Cutting Mistakes to Avoid – Tips for Wielding the Blades
You would think cutting fabric wouldn’t be too difficult. You have a good pair of scissors. Your cutting area is flat and smooth. But sometimes a challenging costume project will come up and you have to stop and actually think about how to cut it out.
Take a look at these points. Are you guilty of doing any of them?
- Lifting the Fabric off the Table When Cutting
It goes without saying that keeping the fabric flat on the table while cutting will produce more accurate results. I’m not talking about holding the edge up several inches closer to your face so you can see but the simple raising of the material before or while cutting. You want to keep the fabric as close to the cutting surface as possible.
- Making Short Snips Along a Straight Edge
Most sewers are guilty of this including me. You’re stretching down the table to cut the long skirt edge. ‘snip’ ‘snip’ ‘snip’ – you do this so you can cut as far as possible even when it’s out of your reach. Or it’s being lazy and only opening the scissor blades a little at a time instead of using the full blade.
Take long strokes with the blades instead of short cuts. This will keep a more even cut edge as well as use less energy. (Really! More snips take more time.)
Also, be sure to not bring the entire length of the blades together to the point. On some fabrics, the cutting motion completed with the point of the scissors will be off the straight cutting line. Keep the raw edge smooth by using long strokes that end before the points close. Open the blades and repeat.
- Using Scissors Instead of Shears
In the fashion industry they use large heavy shears (like 8”+ long blades) for heavy-duty cutting. (Makes it physically hard to cut short snips – see above point) So what’s the purpose of shears instead of scissors? What’s the difference between them anyway?
Scissors have the crossed blades and look like an even “X” when open. Shears are specifically one direction and have the lower blade bent so when you are cutting fabric, the long blade edge lays flat on the table thereby keeping the fabric closer to the table. The fabric is not lifted as much so you get a more accurate cut edge.
If you are cutting long straight edges like skirt panels, shears will make the job go faster. Your accuracy will be on target.
- Using Long-Blade Shears on Tight Curved Edges (Like Armholes and Necklines)
It just doesn’t make sense to try and cut out a bodice with humongous shears. There are way too many angles and tight curves to maneuver a large tool around them. Instead, pick up your smaller scissors. The shorter blade will be easier to guide and keep you right on the cutting line.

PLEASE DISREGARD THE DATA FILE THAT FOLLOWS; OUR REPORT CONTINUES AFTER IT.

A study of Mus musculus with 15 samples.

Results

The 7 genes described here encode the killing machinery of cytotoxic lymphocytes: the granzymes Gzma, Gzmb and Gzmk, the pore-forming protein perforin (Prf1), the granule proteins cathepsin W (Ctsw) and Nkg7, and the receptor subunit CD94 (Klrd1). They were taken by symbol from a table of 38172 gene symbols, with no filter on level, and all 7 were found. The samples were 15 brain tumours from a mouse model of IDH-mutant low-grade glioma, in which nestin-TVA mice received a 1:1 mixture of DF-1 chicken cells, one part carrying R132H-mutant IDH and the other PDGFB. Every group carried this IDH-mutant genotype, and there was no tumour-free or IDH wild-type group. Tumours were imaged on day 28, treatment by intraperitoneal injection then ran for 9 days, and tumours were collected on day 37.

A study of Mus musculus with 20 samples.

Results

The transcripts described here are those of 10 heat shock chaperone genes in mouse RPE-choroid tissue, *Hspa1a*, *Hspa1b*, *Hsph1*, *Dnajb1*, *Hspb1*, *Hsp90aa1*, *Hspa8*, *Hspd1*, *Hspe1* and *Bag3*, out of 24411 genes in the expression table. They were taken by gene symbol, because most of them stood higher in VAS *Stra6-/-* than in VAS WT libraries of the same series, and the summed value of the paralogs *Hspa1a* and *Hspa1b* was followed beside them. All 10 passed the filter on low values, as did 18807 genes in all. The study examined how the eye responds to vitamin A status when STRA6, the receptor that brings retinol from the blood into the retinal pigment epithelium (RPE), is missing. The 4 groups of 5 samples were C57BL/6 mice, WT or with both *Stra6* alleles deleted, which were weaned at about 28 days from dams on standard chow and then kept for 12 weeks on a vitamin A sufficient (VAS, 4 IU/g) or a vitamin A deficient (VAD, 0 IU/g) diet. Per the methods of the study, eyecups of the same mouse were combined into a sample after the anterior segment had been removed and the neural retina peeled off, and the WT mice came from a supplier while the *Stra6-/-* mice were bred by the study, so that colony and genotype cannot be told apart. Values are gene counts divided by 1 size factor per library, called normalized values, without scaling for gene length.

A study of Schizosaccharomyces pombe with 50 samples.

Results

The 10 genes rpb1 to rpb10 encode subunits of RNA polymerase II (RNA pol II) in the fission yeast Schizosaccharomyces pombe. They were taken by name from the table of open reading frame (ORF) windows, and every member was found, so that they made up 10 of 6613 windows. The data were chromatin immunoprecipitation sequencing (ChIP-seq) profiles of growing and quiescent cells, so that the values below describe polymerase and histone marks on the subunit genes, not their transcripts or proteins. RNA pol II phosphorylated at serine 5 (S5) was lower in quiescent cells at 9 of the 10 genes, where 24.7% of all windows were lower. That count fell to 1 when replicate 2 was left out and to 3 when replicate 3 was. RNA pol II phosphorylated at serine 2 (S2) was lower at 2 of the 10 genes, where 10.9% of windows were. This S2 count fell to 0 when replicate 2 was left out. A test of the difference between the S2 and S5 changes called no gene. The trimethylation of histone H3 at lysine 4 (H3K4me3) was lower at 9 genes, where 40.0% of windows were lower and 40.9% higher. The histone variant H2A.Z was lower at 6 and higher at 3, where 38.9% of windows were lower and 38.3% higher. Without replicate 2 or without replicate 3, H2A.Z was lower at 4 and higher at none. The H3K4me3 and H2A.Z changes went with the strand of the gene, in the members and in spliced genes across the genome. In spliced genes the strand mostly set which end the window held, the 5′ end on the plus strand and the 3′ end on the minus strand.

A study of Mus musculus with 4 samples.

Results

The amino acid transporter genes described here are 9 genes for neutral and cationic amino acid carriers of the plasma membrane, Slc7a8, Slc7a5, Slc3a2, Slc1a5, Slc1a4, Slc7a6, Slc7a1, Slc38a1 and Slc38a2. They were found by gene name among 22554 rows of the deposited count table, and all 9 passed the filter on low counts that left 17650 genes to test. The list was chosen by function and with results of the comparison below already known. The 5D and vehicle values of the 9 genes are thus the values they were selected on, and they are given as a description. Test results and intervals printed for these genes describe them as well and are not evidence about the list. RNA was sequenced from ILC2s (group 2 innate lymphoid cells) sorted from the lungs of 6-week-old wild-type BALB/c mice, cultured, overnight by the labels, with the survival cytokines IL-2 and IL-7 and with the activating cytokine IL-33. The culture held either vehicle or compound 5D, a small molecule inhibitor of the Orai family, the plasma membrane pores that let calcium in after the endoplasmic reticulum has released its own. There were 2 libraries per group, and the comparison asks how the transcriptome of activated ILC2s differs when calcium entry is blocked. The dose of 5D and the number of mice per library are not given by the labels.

- Always Clipping into the Seam Allowance Perpendicular to the Seamline
In some couture and other fine dressmaking, you’ll find seams clipped but not straight into the seam allowance. The clips are made at an angle to the seamline. Sometimes each layer of fabric within the allowance will be clipped independently and the clips will be off set.
These techniques give the seam a smoother appearance (aka more professional look). They also help prevent ridges and bumps on the correct side of the garment.
For historical costumes with thick seams (a.k.a. many layers – you know what I’m talking about), grade the seams as usual but your clips can be straight to the seamline. Angled clips won’t make much difference here. Use the simplest method.
- Not Utilizing Rotary Cutters
Have you fought the craze of rotary cutting? Try it and you’ll never look back. Now I’m not saying to use rotary cutters exclusively, but integrate them into your fabric cutting time and you’ll notice a difference.
The large 45mm blades work well for long straight pattern edges. They also are great for cutting bias strips for piping or trims. Use a thick plastic ruler to keep your cutting in line.
Strongly consider, at a minimum, getting a small (28mm) rotary cutter. These are fantastic on those bodice armhole and neckline curves. You’ll also find them handy for smaller trim jobs. Just remember to always have a self-healing mat under what you’re cutting.
- Using One Pair of Scissors for EVERYTHING
This can kill your success for accurate cutting. As accomplished costumers we know not to use the same scissors to cut out the paper pattern then to cut our silk fabric. Paper dulls blades fast, so make sure have a dedicated pair just for patterning. (The cheap school/craft scissors around $2-3 work well for this.)
For your fabrics choose the highest quality shears you can afford. Use them only for fabrics. You might even have a pair for silks and another to cut cottons, linens and wools. And get some smaller thread snips or tiny scissors for your machine threads and hand work.
Remember, your cutting implements are valuable tools in your costuming arsenal. They can help your project go faster, make less work for you, produce professional results. Purchase the best quality you can.
What tips have you learned about cutting out your historical clothing?